Lebanon is still suffering since its independence from the French colonization in 1943, whereas its creation was based on confessional distribution and preferences among different Lebanese social classes. Most privileges were given to Christian Maronites, followed by prominent Sunni families while marginalizing large communities such as Shiaa and Druze.
Throughout the years, western countries such as Britain, France and the USA were publicly known to support Christians in ruling Lebanon, while other Arab countries such as Egypt, Iraq and Iran were backing Muslim communities.
This created a feeling of injustice and oppression among deprived factions of the Lebanese population. Many saw the Arab rise of Jamal Abdel Nasser as the perfect opportunity to change the pro-Christian domination in Lebanon and push for a Muslim-Arab governance of Lebanon.
This unfair equation built on religious differentiation rather than solid state laws and political competency was a main factor in the various instabilities that shook Lebanon until its civil war in 1975.
What follows is history. A history that didn’t teach Lebanese people anything with a 15 years civil war that ended without any winner or loser. Worse, the status-quo imposed since 1990 was also set on religious basis, 50% Christian and 50% Muslims.
This worsened things instead of appeasing conflicts, Lebanese are still living in fear and doubt of each other, only relying on their religion and its leaders to protect them.
Nowadays, few Lebanese believe in the idea of a state that could defend them and provide their basic needs. For instance, one always look for help from his religious or community leader rather than the state, which lost in the eyes of people any efficiency and transparency.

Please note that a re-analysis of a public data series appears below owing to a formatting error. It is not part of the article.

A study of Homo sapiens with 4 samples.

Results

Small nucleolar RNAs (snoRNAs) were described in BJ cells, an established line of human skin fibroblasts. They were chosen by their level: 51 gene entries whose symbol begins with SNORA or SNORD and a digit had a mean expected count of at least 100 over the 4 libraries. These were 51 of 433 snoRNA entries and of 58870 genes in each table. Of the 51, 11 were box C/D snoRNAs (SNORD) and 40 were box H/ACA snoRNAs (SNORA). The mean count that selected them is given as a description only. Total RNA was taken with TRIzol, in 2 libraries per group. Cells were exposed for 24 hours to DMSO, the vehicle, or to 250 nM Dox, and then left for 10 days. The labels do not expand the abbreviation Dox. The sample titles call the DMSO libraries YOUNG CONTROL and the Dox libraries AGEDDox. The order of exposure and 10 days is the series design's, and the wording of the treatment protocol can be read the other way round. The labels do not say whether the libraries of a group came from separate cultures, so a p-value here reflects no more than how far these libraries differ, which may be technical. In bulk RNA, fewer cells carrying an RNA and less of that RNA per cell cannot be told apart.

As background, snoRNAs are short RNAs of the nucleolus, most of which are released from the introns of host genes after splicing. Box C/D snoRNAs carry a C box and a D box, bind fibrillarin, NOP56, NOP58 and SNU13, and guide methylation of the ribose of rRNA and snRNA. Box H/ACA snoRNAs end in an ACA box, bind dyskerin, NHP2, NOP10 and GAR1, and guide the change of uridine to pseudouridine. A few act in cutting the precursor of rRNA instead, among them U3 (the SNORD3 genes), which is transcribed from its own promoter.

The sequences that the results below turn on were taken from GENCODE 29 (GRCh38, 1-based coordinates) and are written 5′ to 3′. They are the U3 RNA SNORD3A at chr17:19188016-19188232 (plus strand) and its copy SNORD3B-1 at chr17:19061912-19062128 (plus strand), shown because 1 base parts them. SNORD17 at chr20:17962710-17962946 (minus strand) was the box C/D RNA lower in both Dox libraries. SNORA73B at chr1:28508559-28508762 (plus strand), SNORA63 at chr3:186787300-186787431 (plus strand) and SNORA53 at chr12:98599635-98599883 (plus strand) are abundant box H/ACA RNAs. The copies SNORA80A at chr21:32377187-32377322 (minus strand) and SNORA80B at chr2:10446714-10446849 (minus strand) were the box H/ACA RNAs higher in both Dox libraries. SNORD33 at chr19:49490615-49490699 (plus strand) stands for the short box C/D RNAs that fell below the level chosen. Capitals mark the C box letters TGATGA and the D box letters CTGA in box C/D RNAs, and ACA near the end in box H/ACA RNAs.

This nourished the sentiment of individualism over collectivism in the mind and habits of every Lebanese citizen. Thus, creating a belief that justice, safety and services are obtained through personal connections and favoritism rather than through a state institutions.
Lebanon needs a radical change in its identity, a revamp of the establishment, and an update of laws where most date from the 1950’s. Lebanon should have a solid constitution and laws that are respected and adapted by different factions of the Lebanese political body.
Why would a Christian fear a Muslim president if he’s respecting the constitution?
Why would a Muslim fear a Christian prime minister if he’s applying the law?
This strategy of fear was well-exploited throughout the years by political and religious figures, letting every Lebanese fear of other religions, and dream of a better tomorrow while making sure he lives in denial of his pathetic present life.
The question is, where do we go from now?